By Michael Goldstein
By Dennis Romero
By Sarah Fenske
By Matthew Mullins
By Patrick Range McDonald
By LA Weekly
By Dennis Romero
By Simone Wilson
When it comes to his music, Jim Lang is something of a purist. It’s not that he’s strictly acoustic or a snob about style. His latest album, Jazz Criminal, a collaboration with Patrick Gleeson (the synthesist who did the soundtrack for Apocalypse Now and toured with Herbie Hancock) is wildly experimental, what Lang describes as “dense jazz–inflected electro acoustic collage.” Perhaps because he sought out jazz on his own, listening to his dad’s records as a kid, and taught himself to arrange music while playing horn parts on a Hammond organ in an R&B band, what’s important to Lang is that the sound is his own. “I’d rather write than bite,” he says.
With the rise of sampling, borrowing and recycling music, when Joni Mitchell’s 1970 “Big Yellow Taxi” resurfaces in a Janet Jackson jam and A Tribe Called Quest borrows a lick from Lou Reed (and just about everyone else), organic compositions are surprisingly rare. Lang would like to put creation back in creativity. “Right now, most music is 50 percent postconsumer content, which means eventually there’s nothing new. Do the original thinking as well. Make the content you’re chopping up.”
At Knobworld, Lang’s Echo Park studio, you can’t sit around for long without wishing for a tambourine in your palm or the piano keys under your fingers. You might find yourself practicing solfège in the spiral staircase up to the second floor, or tapping your foot to the rhythm of a clock on the wall. Designed by Gleeson, Lang’s friend and mentor, the studio is a dream space out of a musicians’ version of Dwell magazine, where the asthetics are in the acoustics and an inviting collection of chairs. At Knobworld, the difference between play and work is almost invisible; great albums are made here because great musicians feel at home. The building itself is mysterious from the outside, with a slightly industrial feel, and enclosed by a sliding gate. The staircase leads up to Lang’s office and lounge, a funky studio apartment and a kitchen (complete with espresso machine) that always seems to be filled with sunlight. In between recording sessions, band members hang out upstairs, occasionally pulling out their instruments for impromptu jams.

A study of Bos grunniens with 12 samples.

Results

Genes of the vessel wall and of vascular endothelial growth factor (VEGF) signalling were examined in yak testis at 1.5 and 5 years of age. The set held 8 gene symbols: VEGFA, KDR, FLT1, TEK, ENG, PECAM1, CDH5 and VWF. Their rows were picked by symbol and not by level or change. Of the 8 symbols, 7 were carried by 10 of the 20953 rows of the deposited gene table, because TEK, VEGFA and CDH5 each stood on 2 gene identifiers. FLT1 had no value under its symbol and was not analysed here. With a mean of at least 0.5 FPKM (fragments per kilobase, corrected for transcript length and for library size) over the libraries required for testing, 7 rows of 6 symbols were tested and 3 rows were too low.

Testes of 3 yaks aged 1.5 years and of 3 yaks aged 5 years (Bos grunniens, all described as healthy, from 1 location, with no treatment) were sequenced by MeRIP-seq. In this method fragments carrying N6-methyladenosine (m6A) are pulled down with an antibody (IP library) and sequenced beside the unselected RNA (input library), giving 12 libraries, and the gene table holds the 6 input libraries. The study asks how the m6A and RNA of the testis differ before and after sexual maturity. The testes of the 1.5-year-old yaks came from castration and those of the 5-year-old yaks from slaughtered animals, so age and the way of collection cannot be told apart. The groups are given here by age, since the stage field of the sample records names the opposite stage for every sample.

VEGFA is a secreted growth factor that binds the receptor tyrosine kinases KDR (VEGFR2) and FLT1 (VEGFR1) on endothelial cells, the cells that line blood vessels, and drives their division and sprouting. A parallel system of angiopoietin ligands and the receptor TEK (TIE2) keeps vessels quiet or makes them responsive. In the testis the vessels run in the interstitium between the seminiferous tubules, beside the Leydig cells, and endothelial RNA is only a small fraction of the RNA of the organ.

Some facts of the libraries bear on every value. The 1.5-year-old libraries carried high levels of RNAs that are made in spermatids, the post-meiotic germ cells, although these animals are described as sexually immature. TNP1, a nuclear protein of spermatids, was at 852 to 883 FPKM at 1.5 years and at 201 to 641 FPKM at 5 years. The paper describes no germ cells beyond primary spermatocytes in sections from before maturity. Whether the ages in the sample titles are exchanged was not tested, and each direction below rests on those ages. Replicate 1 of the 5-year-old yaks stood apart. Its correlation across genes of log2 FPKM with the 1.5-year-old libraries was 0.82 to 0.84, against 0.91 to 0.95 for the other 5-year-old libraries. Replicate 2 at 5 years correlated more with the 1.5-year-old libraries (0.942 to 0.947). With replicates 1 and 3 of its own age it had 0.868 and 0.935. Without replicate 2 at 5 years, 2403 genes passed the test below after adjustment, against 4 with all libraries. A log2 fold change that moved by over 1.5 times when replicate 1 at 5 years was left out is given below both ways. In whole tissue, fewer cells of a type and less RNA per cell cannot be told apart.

As a self-taught musician, composer and arranger, Lang simply enjoys making music. In addition to his recording work at Knobworld, Lang wrote and scored the music for Nickelodeon’s Hey Arnold! and was hired to score John Carpenter’s Showtime project Body Bags, which lumped him into two industries: “slasher movies and kid shows.”
This year, Lang has worked with Madlib (with drum tracks by Toni Allen of Fela Kuti’s band), Azimuth, The Jack Fris Radio Choir, Build an Ark and Harold Budd, to name a few. But because of the changing nature of producing and recording, Lang’s work is not always so social.
“By the time I’d finished the music for Hey Arnold!, I’d spent six years sitting in a dark room by myself. It felt like when you’re a kid and you hold your breath to get dizzy. It’s fun, you get high, but it’s not real exciting.”
In the time since he began arranging and producing, the process of making a record has changed, and Lang’s role has changed with it. “On an old record you would have an A&R guy who chooses material, a producer who oversees it, an engineer who cuts tracks, a mixer who mixes everything. In the postmodern version of a record, all roles are blended,” Lang explains.
For Lang, his role and relationship to the bands recording at Knobworld depend on what they need. Sometimes he is the recording guy, other times he is asked to play on the record. “Some people just want a studio space, some want a player, some want more.”
Either way is fine by him; if the process is good, the result will likely follow suit.